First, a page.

Go! Go! Bronco and Fruit and Veggies at Origin

A couple weeks back, Go! Go! Bronco and Fruit and Veggies played a show together at the most unlikely of venues, Origin. Russel Smith was there to document this strange occasion 

Seems the Durban Punk and Hardcore scenes are vastly different from what they were, even from two years ago. It’s a fairly new thing to have bands play in a night club that is known for electronic music, but in Durban we aren’t as spoiled for choice in way of venues, so even the crème de le crème, or as I like to think of it, the mucky shit on top of the pond, that is Durban underground have to submit.  At first, watching the white-as-rice dance moves to Dub-Step was painful and my hopes of a good night out were fading. This is a surreal experience that I wish I had taken drugs for, I thought. That is until the bands started.

I will give Origin credit. They have a sound system to drown out full scale combat and a sound tech that has some idea on what to do behind the sound desk. So when the bands eventually did play, every nuance, note, tempo change and throat noise was as clear as I’ve ever heard at a live show. It was majestic and frightening at times. Frightening, only because of the kung-fu fighters came dangerously close to smacking me in the mouth.

I’m just waiting for the lazy bastards to finally put an album out so I won’t have to go to the basement of rave clubs to see them

It warms the heart to see the lads of Go! Go! Bronco back on stage. Frankly it was a bit of a relief to those of us in Durban that like our music unmelodic and noisy. As a four piece, losing a member to the allure of the overseas, and another to that city with a mountain that shall not be named, the band is still one of the best hardcore bands in South Africa even if they are gigging far less than what they used to. Where the rest of the hardcore scene has faded away thanks to following fads, Go! Go! has endured, thanks to their commitment to playing solid brutal music regardless of the revival movement that spawned them. They remind me of bands that were still Hardcore Punk, but Go! Go!’s sound isn’t simply a rehash of what happened in the 80’s. They manage what few have: a balance of staying true to the beginnings of hardcore but bring it forward without ending up in the trap of sounding like thrash or shitty metal. I’m just waiting for the lazy bastards to finally put an album out so I won’t have to go to the basement of rave clubs to see them  (although, I probably still would anyway). Especially if they play the way they did that night. The fury and speed of Go! Go! Bronco is seldom matched by other bands in Durban. The anticipation of most people I spoke to in the week following up to the night serve as further proof that aggressive hardcore still has a home in the 031. Probably why a band like Fruit and Veggies, who essentially sit on the other end of the music genre scale would choose a band like them to support them at their album launch, and frankly it was an inspired choice, considering both bands are fast becoming representative of the Durban music scene.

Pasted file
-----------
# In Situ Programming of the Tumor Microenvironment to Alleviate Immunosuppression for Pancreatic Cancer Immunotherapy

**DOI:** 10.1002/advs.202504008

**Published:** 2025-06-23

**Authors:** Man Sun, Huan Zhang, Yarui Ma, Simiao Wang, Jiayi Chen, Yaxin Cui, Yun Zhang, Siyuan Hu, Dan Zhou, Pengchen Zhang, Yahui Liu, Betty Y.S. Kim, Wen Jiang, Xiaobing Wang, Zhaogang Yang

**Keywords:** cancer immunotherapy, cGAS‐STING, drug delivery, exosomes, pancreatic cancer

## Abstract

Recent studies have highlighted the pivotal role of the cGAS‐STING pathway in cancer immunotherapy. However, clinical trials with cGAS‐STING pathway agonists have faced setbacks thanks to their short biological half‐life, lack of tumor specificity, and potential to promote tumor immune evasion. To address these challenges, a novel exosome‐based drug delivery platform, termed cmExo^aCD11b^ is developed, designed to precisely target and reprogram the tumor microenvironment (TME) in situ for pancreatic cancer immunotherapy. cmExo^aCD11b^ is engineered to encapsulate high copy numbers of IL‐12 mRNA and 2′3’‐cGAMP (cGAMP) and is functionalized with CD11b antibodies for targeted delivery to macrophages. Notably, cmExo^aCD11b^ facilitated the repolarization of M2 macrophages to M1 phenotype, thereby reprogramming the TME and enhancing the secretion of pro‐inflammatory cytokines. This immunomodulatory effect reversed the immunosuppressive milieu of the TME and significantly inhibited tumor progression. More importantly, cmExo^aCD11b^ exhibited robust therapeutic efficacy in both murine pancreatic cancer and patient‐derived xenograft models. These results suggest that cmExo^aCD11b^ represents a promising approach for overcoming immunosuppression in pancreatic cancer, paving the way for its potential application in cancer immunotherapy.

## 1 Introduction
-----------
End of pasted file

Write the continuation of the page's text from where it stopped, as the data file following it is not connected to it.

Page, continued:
Performance-wise, I liken Purity’s frontwoman’s-ship to a young female Jello Biafra, without all the porno stage humping

The main act of the evening and the reason why all of us had come together, took to the stage after Go! Go! had sufficiently whipped the little bastards in the crowd to a foamy, mostly white, substance. Fruit and Veggies (F&V) really are a bit of a trans-genre band. They’re  a lot of things beaten to a pulp and then stuck together to form some weird gelatinous music that manages to grab crusty punks and pop princesses and make them want to dance like their below-the-belt areas are in some form of distress. In some mystical fashion F&V manage to take all the best elements of pop, punk, and bit of new wavy lyrics and give it roots in Durban’s messy, stoned out of its skull, music scene. I’ve tried more times than I care to remember to describe F&V’s sound to the uninitiated. I find the best way of thinking of it as a dirty sucker. It’s a delightfully sweet, tasty fruity flavour, but there is some dog hair and grit all over it and only the brave will have the pleasure of enjoying that massive candy. Performance-wise, I liken Purity’s frontwoman’s-ship to a young female Jello Biafra, without all the porno stage humping. Her wild-eyed stare and abandon tell you she’s probably having more fun than you are. The band is one of the tightest, which is surprising considering how loose the band members can get off stage. The Fruit and Veggies hometown was their last stop on their tour to promote the fact that they committed their sound to digital format and were flogging it to anyone who wanted it. I have no idea where you can get their album but when I find out, I won’t mind handing over my pennies for it.